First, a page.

By hire-up-staffing in Staffing Updates

Top ways to manage under performers

A few years ago, Fresno was unfortunately part of the top 10 in Forbes’s list of cities with the highest unemployment rates in the country. Back in 2013, the unemployment rate was at 14.4% – in fact, California dominated the list with 8 cities belonging to the top 10. Obviously, it wasn’t a good year for employment in the Golden State, but we have risen from that since. As of March this year, unemployment rate has gone down to 10.6%.

This made us wonder, what was causing these unemployment issues? Do people leave jobs by choice, or could it be possible that companies let go of people for being under-performers? The sad reality is, unfocused employees end up doing a disappointing job at what they’re getting paid to do. However, when managed correctly, these same people can be an employer’s greatest asset.

While employee behavior is not the sole responsibility of whoever hired them, it’s also important to know it plays a role. It has to go both ways – employer and employee both need to do their best. Here is how to do your part, should an employee’s behavior start causing concern.

Give Feedback

It’s important to give clear feedback to your employees. However, for those who underperform (or at least seem to be), talk to them first rather than reprimanding them on the get go. If their quality of work suddenly drops, there has to be a reason so speak to them about what has changed and what they can do about it.


They say communication is a two-way thing, so after giving feedback let them say their piece too. Give the employee a chance to speak their point of view and see what the cause of the problem is.

Address Large-Scale Issues

When your employee singles out a concern that affects more than just themselves but a team or the entire company, make sure to address it. For example, if one person feels they are overburdened, there is a chance others might feel the same too.

Find Out What Makes Them Tick

It’s also very important to try and understand what makes a person tick – take time to know your employees. While it’s difficult for larger companies, try an umbrella approach. Bottom line is to get to what drives your people – what are their long-term goals? This also helps in scouting people for future promotions.

Create Performance Goals

Create performance goals – together. Sure, you as a company would need to do it, but make sure to include your employees too. Seek feedback from them as well – ask your employees how they’d like to improve and what skills they need in order to do so. This kind of engagement is motivating for them, and would greatly improve your company should you follow through. It’s a win-win situation.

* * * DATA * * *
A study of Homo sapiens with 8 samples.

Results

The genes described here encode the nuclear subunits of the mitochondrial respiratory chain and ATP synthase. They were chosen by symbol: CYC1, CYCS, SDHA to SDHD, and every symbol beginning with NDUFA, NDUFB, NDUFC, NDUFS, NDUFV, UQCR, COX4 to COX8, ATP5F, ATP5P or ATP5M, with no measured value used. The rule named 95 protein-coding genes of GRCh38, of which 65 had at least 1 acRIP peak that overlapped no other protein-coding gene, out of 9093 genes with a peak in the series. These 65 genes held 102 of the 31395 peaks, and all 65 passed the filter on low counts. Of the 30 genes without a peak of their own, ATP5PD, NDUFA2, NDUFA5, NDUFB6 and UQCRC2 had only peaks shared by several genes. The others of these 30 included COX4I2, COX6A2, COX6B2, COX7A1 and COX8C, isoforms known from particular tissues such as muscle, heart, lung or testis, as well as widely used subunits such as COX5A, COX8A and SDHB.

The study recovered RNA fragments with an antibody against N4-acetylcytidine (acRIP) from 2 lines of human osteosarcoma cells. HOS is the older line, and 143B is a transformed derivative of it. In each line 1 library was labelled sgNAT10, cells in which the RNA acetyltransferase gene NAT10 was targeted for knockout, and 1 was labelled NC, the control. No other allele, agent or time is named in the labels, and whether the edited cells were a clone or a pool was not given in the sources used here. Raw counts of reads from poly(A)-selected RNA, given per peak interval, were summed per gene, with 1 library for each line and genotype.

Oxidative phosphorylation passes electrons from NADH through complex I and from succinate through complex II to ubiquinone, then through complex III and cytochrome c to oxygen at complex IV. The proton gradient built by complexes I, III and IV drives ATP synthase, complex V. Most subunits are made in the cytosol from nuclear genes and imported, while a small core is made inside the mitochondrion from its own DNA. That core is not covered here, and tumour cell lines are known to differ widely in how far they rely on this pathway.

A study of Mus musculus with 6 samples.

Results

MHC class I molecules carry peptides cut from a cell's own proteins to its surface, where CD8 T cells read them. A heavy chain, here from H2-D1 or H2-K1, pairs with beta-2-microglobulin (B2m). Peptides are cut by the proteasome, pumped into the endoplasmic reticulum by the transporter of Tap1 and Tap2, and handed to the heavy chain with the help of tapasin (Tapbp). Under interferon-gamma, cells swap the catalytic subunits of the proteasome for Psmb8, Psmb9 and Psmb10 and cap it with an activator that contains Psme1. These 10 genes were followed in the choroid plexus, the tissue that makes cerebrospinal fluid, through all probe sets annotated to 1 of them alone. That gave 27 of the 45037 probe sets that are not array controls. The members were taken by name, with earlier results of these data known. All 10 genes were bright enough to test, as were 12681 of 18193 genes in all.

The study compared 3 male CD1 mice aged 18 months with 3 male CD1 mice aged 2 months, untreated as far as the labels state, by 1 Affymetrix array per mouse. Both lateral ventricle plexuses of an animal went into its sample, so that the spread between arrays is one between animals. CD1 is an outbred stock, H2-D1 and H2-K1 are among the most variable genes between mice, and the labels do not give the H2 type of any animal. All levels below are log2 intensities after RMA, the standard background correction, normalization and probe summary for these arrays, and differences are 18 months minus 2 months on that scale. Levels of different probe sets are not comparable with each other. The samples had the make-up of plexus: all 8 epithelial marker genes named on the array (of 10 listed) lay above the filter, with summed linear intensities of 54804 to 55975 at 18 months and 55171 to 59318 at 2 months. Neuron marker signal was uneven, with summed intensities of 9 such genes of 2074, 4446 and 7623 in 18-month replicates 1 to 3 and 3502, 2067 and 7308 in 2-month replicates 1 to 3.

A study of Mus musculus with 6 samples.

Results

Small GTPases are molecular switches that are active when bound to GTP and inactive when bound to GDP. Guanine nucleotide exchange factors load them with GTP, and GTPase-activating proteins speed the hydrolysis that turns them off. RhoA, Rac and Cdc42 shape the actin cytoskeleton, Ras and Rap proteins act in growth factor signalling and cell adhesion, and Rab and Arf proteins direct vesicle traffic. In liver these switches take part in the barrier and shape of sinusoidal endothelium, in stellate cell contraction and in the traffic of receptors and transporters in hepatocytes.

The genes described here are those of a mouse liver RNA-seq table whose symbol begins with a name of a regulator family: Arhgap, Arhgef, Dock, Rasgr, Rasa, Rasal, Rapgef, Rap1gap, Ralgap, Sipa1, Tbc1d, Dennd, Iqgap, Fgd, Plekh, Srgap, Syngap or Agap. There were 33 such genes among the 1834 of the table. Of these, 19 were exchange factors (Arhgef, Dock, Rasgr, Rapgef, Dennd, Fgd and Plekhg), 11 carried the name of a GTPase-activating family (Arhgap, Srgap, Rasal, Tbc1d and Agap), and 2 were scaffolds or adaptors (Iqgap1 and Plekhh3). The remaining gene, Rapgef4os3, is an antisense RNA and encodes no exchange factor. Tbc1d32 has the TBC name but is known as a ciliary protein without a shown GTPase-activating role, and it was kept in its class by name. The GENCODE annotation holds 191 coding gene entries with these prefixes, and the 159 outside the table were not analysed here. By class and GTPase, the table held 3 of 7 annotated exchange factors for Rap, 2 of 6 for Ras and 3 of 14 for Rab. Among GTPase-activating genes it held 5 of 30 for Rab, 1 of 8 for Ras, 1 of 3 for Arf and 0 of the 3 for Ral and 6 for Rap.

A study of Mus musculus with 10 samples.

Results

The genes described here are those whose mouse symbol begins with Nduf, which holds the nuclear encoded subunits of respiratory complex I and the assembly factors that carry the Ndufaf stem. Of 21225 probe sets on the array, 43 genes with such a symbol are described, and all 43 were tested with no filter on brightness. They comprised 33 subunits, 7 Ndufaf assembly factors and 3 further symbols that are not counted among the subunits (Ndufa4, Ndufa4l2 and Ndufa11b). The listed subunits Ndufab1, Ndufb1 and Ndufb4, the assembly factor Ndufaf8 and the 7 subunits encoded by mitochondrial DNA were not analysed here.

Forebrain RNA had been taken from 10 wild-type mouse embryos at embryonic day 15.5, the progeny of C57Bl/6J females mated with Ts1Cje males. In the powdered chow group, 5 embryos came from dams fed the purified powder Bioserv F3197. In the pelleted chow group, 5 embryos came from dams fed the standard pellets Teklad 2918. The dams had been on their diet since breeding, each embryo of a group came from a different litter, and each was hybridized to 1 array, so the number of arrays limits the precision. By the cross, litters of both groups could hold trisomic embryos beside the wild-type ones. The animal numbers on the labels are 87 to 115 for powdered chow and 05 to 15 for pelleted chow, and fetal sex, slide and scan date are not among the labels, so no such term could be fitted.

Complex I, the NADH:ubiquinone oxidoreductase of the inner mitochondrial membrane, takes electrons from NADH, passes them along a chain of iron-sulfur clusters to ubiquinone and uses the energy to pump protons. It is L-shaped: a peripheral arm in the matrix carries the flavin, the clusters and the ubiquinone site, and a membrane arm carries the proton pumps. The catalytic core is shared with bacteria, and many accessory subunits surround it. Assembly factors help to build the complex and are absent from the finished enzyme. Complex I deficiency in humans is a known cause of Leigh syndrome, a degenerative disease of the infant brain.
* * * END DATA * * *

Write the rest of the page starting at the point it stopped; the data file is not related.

Follow Up

As previously mentioned, you should follow through. Always check on your employees. After they’ve set their goals, monitor how they are progressing. Something as simple as checking if someone’s completed a task by the target date can make a big difference. Management often seem like they do not care, but showing interest in your employee’s work actually help boost morale for them.

Recognize When They Improve

One of the most disengaging things for an employee is when they get asked to improve but don’t get commended for their progress. Make sure you recognize their accomplishments, and if you want you may even reward them. Continue providing feedback, especially positive ones. A simple “thank you” or “well done” can give them the boost they need, and in turn, it helps your organization too.

Do Not Let Continued Underperformance Slip By

If there’s still no improvement, it’s time to formally act on continued underperformance. Checking on their poor behavior lets the employee know you are being serious, and that your organization does not tolerate negative attitudes that take away from a conducive and productive environment. In addition, other people who work hard may get unmotivated if they see their coworkers slacking off without any consequences.

Know When to Cut Ties

It’s never easy to let go of someone, and should be considered a last resort only. However, if you have absolutely tried your best to fix an issue but the employee still continues to be careless and insensible about their job, it’s time to cut ties. This is especially true if they spread negativity, break rules, and do more damage than actually help out at work.